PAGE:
Simply Wall St

Warren Buffett famously said, 'Volatility is far from synonymous with risk.' When we think about how risky a company is, we always like to look at its use of debt, since debt overload can lead to ruin. As with many other companies Modern Land (China) Co., Limited (HKG:1107) makes use of debt. But the more important question is: how much risk is that debt creating?

What Risk Does Debt Bring?

Debt is a tool to help businesses grow, but if a business is incapable of paying off its lenders, then it exists at their mercy. Part and parcel of capitalism is the process of 'creative destruction' where failed businesses are mercilessly liquidated by their bankers. However, a more common (but still painful) scenario is that it has to raise new equity capital at a low price, thus permanently diluting shareholders. Of course, the upside of debt is that it often represents cheap capital, especially when it replaces dilution in a company with the ability to reinvest at high rates of return. When we examine debt levels, we first consider both cash and debt levels, together.

Check out our latest analysis for Modern Land (China)

How Much Debt Does Modern Land (China) Carry?

As you can see below, Modern Land (China) had CN¥17.9b of debt, at June 2019, which is about the same the year before. You can click the chart for greater detail. However, it does have CN¥7.34b in cash offsetting this, leading to net debt of about CN¥10.6b.

SEHK:1107 Historical Debt, September 17th 2019

How Strong Is Modern Land (China)'s Balance Sheet?

We can see from the most recent balance sheet that Modern Land (China) had liabilities of CN¥39.7b falling due within a year, and liabilities of CN¥9.50b due beyond that. Offsetting these obligations, it had cash of CN¥7.34b as well as receivables valued at CN¥5.18b due within 12 months. So its liabilities total CN¥36.7b more than the combination of its cash and short-term receivables.

This deficit casts a shadow over the CN¥2.93b company, like a colossus towering over mere mortals. So we'd watch its balance sheet closely, without a doubt At the end of the day, Modern Land (China) would probably need a major re-capitalization if its creditors were to demand repayment.

In order to size up a company's debt relative to its earnings, we calculate its net debt divided by its earnings before interest, tax, depreciation, and amortization (EBITDA) and its earnings before interest and tax (EBIT) divided by its interest expense (its interest cover). Thus we consider debt relative to earnings both with and without depreciation and amortization expenses.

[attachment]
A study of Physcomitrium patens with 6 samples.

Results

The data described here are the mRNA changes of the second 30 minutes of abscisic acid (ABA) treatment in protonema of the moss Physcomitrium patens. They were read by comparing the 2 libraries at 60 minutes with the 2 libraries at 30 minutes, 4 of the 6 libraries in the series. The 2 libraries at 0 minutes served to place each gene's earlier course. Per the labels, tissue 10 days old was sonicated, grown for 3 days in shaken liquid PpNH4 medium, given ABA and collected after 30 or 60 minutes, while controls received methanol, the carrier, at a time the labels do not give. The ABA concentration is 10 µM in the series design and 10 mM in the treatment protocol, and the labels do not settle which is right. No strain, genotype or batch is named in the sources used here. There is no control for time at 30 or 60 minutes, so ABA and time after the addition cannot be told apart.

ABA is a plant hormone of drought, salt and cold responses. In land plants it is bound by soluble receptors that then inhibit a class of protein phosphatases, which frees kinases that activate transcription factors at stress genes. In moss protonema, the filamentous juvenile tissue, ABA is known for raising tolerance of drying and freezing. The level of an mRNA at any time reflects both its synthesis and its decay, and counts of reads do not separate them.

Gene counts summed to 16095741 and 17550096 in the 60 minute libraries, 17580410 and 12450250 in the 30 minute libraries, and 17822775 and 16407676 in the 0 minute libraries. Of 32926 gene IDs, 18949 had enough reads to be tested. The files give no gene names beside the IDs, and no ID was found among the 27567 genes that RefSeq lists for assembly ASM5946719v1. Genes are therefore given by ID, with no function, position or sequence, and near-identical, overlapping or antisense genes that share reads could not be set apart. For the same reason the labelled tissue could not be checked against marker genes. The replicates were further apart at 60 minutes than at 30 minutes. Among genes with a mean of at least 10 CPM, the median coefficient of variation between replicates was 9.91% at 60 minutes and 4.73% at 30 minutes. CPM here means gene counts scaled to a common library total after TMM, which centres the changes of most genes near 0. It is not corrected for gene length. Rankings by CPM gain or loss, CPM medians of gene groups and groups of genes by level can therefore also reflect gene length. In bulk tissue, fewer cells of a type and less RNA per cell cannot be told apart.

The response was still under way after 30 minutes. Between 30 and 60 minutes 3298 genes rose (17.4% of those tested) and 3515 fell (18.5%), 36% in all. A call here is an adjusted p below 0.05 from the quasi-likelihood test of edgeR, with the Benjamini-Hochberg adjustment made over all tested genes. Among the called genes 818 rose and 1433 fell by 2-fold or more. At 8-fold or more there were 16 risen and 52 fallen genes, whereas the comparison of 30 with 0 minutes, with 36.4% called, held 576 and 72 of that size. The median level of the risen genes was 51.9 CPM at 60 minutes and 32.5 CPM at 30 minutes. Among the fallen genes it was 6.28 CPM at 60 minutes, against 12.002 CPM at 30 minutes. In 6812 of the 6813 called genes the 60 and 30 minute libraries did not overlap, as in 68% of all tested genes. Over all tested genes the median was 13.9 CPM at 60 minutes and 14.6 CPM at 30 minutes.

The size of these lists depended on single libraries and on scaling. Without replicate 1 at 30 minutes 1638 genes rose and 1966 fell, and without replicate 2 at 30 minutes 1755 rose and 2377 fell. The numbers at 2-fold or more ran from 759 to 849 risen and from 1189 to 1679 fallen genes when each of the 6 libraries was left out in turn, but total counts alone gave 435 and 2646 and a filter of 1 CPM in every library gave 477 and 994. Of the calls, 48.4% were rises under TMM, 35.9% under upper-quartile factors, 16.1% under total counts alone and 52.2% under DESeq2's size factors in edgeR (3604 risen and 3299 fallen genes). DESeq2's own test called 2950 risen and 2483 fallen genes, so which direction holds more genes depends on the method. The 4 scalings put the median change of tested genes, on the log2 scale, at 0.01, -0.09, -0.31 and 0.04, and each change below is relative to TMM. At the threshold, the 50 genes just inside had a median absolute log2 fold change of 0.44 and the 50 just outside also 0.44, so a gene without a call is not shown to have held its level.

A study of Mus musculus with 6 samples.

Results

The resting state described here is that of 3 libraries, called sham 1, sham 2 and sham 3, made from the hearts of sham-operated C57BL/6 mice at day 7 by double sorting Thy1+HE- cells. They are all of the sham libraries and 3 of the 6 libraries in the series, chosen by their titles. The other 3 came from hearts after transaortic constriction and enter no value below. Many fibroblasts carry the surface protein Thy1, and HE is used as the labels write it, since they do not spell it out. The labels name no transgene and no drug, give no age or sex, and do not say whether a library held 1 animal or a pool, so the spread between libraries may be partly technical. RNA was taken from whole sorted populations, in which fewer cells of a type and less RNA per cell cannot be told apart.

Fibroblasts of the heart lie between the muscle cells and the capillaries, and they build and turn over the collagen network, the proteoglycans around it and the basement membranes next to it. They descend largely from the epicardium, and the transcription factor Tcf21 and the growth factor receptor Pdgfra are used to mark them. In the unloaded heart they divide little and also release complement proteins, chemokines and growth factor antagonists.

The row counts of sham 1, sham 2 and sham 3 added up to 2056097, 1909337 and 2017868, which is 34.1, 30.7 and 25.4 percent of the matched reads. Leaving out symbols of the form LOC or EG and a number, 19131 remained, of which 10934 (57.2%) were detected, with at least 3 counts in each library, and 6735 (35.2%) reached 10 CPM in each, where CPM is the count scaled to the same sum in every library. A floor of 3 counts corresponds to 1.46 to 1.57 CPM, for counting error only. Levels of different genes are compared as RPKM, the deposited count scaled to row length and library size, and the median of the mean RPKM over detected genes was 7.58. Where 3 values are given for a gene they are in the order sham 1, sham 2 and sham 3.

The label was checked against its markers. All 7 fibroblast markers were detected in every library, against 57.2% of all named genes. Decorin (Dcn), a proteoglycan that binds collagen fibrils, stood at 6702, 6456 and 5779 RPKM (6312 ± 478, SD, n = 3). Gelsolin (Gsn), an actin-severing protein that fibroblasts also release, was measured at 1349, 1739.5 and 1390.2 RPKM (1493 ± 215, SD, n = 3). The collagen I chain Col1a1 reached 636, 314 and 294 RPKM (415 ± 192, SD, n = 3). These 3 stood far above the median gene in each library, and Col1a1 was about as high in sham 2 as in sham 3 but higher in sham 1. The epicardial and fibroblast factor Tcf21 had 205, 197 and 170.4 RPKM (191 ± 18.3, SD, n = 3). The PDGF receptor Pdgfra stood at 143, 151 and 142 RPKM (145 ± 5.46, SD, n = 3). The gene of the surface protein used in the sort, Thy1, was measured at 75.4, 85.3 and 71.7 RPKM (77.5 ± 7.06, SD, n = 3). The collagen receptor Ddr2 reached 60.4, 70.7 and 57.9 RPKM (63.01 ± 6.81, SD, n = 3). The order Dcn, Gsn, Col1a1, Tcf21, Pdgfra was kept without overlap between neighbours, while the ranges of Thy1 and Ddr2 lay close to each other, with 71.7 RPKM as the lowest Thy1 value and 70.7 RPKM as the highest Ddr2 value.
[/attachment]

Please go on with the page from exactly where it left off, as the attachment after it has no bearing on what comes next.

Modern Land (China) has net debt to EBITDA of 4.7 suggesting it uses a fair bit of leverage to boost returns. On the plus side, its EBIT was 9.6 times its interest expense, and its net debt to EBITDA, was quite high, at 4.7. Pleasingly, Modern Land (China) is growing its EBIT faster than former Australian PM Bob Hawke downs a yard glass, boasting a 130% gain in the last twelve months. When analysing debt levels, the balance sheet is the obvious place to start. But it is future earnings, more than anything, that will determine Modern Land (China)'s ability to maintain a healthy balance sheet going forward. So if you want to see what the professionals think, you might find this free report on analyst profit forecasts to be interesting.

But our final consideration is also important, because a company cannot pay debt with paper profits; it needs cold hard cash. So we always check how much of that EBIT is translated into free cash flow. In the last three years, Modern Land (China) created free cash flow amounting to 13% of its EBIT, an uninspiring performance. For us, cash conversion that low sparks a little paranoia about is ability to extinguish debt.

Our View

Mulling over Modern Land (China)'s attempt at staying on top of its total liabilities, we're certainly not enthusiastic. But on the bright side, its EBIT growth rate is a good sign, and makes us more optimistic. Once we consider all the factors above, together, it seems to us that Modern Land (China)'s debt is making it a bit risky. Some people like that sort of risk, but we're mindful of the potential pitfalls, so we'd probably prefer it carry less debt. Given our hesitation about the stock, it would be good to know if Modern Land (China) insiders have sold any shares recently. You click here to find out if insiders have sold recently.

If you're interested in investing in businesses that can grow profits without the burden of debt, then check out this free list of growing businesses that have net cash on the balance sheet.

We aim to bring you long-term focused research analysis driven by fundamental data. Note that our analysis may not factor in the latest price-sensitive company announcements or qualitative material.

If you spot an error that warrants correction, please contact the editor at editorial-team@simplywallst.com. This article by Simply Wall St is general in nature. It does not constitute a recommendation to buy or sell any stock, and does not take account of your objectives, or your financial situation. Simply Wall St has no position in the stocks mentioned. Thank you for reading.